We're usually skeptical of stock market analyses that tie a single day's action to a single event; they generally look like efforts to impose a single, inevitably artificial rationale on an artifact of millions of individual decisions based on a multitude of reasons. Drawing conclusions about long-term market trends from a single day's share prices is a mug's game, anyway. As J. Pierpont Morgan habitually replied when asked what the market would do: "It will fluctuate."*
That's true of Monday's battering. As we write (midday on Wall Street), the Dow Industrials, S&P 500, and
A secondary factor being widely bruited about is the emerging confrontation in the Middle East between Saudi Arabia and Iran, which has led to a spike in oil prices. This is curious, since it was the relentless decline in oil prices in the latter part of 2015 that was supposedly weighing on the stock market.
In truth, however, the stock market seldom suffers a slide of this magnitude unless more is going on than a discrete event. Sharp breaks in stock prices -- and sudden run-ups, too -- tend to reflect deeper realities or longer trends that are finally getting washed out over a period of a day, or a week, or longer.
That seems to be the case with the U.S. stock market today. Storm clouds have been gathering over stock prices for six months or more. They're best illustrated by what Josh Brown of Ritholtz Wealth Management and the Reformed Broker website termed his "chart of the year, hands down," a couple of weeks ago. Here it is:
The chart demonstrates that the U.S. stock market's action in 2015, dismal as it was -- the S&P lost about seven-tenths of a percent, the Dow lost about 2.29% -- was buoyed by price run-ups in just four stocks. As Brown and my colleague Tom Petruno observe, these are the so-called FANG stocks: Facebook (up 33.4%); Amazon (119.07%); Netflix (129.5%); and Alphabet, formerly Google (45%).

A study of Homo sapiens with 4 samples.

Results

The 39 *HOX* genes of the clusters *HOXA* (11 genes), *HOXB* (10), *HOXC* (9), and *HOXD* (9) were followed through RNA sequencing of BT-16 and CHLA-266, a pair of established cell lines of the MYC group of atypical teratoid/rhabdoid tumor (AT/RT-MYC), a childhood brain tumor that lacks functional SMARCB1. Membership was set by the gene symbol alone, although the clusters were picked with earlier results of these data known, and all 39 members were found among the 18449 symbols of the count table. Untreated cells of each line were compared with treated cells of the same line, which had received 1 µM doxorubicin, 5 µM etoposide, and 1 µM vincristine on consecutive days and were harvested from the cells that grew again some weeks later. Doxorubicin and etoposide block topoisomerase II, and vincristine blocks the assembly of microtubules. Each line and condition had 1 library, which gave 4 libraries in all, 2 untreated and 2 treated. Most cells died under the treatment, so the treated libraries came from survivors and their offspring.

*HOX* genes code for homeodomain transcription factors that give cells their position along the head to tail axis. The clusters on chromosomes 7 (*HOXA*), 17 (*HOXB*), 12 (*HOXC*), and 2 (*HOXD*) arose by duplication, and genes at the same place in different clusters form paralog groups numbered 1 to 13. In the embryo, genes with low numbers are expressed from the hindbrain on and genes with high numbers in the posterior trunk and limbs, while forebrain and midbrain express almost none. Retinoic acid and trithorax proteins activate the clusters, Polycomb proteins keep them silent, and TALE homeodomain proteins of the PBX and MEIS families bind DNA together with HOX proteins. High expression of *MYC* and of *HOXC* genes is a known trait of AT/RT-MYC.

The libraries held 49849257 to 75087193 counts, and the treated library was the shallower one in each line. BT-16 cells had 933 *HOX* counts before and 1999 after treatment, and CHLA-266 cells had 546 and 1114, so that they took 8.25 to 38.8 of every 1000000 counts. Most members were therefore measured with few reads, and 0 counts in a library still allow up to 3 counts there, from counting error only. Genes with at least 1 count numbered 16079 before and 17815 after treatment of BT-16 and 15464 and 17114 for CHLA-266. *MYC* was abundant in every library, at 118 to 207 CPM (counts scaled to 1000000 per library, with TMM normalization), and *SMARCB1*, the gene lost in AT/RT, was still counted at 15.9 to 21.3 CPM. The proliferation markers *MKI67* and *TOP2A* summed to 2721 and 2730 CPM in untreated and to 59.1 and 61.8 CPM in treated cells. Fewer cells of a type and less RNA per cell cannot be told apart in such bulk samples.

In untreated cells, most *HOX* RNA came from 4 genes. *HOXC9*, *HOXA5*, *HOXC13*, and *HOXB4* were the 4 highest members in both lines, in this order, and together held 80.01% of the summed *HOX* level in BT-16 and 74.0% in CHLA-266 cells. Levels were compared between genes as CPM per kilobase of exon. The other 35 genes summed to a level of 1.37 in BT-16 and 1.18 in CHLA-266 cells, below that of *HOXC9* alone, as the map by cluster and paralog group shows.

"The FANG stocks," Brown observes, "have served as the shiny baubles distracting everyone from the new sub rosa bear that's taken hold of the market." He contrasts them with the low percentage of New York Stock Exchange stocks trading above their 200-day moving average, which is the sign of an uptrend. That percentage has declined to 8%, about half what it was a year ago. "That's not a bull market," Brown says.
The narrowing breadth in the market started getting noticed by investment gurus around the middle of last year. In July, a few noticed that just six stocks were responsible for more than half the gain up to then in the Nasdaq index -- the four FANG stocks plus Apple and Gilead Sciences, which was riding the wave produced by its stratospheric pricing of its hepatitis C drugs. Amazon, Google, Apple, Gilead and Walt Disney Co. accounted for all the gain in the S&P 500 index by mid-July, and then some.
In August, James W. Paulsen of Wells Capital Management, a unit of
"The indisputable leadership of a diminishing subset of momentum stocks is a common historical risk," Paulsen told clients. The risk is that if the market leaders crack, it's a long way down to solid ground; indeed, Apple, after notching a 20% gain for the year in mid-July, ended 2015 almost dead flat. "Perhaps the stock market is finally headed for a correction before the bull market continues," Paulsen wrote.
That may well be what we're seeing now. What does this mean for investors and the economy? It could be flashing a pause in U.S. economic growth, or merely a long-expected pause in the bull market, as Paulsen projected. It may not mean anything, since stocks will tend to fluctuate. One question to ponder is how closely the Federal Reserve Board was following the stock market when it decided to raise interest rates last month, and if it thought the market reflected robust economic growth, whether it was misled.
We won't know for some time. Stock market trends, like gambler's winning streaks, are typically visible only in the rear-view mirror. But if you think the market slumped today because investors fretted over China or the Middle East, you may be wrong. How's that for a firm conclusion?
*This sentiment has been attributed at one time or another to almost every famous financier of the past, including John D. Rockefeller. Our attribution comes from "Morgan: American Financier" (1999) by Jean Strouse, page 11, though she doesn't provide a source herself.